Fish Tacos

I used to eat a lot of fish tacos when I lived in Oakland. My friends lived up in a much less dangerous neighborhood, so we’d get together to play basketball and then get tacos or burritos at one or another of our favorite spots nearby. When I moved to Chicago a year later, I was delighted at all the Mexican food in my new neighborhood but I never had a fish taco as good as the ones in California.

It had been a long while since I made any, so they seemed like a good choice for another warm evening. The fish was cod, which I cut into cubes and dusted with seasoned flour (smoked paprika, chili powder, salt, pepper) and then browned all over in peanut oil. The beans were pintos, soaked all day and then simmered for an hour, then added to some collards we made the night before that had been cooked with garlic in chicken stock, soy sauce, and cider vinegar. I let that combination cook a while longer so the beans could get fully tender and all the flavors could marry.

I quickly steamed the tortillas, then assembled the meal. The coup de grâce was generous lashings of our homemade smoked salsa. This is the last jar of it and I’m pleased with how deep into this year last summer’s tomatoes have lasted; there are two pints of purée remaining as we enter July and the beginning of fresh tomato season. That means we are closing in on a full year without having bought any sauce or purée. I’ll be making at least as much again in September, and much more of the salsa.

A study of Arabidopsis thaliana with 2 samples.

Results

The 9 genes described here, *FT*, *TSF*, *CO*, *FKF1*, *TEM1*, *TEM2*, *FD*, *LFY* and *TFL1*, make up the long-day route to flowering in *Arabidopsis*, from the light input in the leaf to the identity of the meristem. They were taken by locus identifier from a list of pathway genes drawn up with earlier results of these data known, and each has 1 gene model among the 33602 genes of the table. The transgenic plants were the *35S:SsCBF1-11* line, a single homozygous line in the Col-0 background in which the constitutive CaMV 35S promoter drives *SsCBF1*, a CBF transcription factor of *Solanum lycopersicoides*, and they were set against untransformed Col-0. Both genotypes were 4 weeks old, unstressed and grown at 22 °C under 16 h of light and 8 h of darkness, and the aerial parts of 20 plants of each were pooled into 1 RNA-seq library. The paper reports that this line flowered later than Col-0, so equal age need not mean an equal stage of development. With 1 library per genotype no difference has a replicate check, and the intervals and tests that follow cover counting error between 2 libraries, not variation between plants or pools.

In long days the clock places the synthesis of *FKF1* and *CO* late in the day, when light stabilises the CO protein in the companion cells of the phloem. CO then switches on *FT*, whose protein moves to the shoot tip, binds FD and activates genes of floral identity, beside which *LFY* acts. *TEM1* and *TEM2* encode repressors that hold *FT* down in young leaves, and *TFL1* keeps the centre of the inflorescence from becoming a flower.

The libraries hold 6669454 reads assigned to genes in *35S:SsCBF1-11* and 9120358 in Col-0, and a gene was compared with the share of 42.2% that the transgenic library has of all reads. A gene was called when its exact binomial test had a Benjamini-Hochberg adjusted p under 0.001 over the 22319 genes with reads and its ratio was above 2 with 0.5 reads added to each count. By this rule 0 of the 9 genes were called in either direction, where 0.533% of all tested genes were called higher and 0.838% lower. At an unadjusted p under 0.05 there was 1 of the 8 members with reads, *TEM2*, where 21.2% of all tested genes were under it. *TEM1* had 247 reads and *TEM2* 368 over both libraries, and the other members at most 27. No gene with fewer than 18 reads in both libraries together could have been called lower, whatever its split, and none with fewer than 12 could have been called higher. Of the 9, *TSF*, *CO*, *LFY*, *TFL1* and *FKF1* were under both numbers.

A bit unorthodox, sure, but these tacos had all the complexity of flavor and texture that one could hope for. To accompany these varied flavors, I opened a Viña Tondonia, one of the great rosés of the world. It’s released with about 10 years of age on it–in oak and then in bottle–so it has a slightly sherry-like oxidation to it and can as easily evoke hazelnuts and rhubarb as strawberries and apricots. It’s famously food-friendly and certainly worked well with the tacos. I meant to take a picture of the full bottle, but something happened to the contents while I cooked and ate. It’s a bit more expensive than regular rosé, but worth the splurge if you’re in the mood for something unusual and sexy as hell.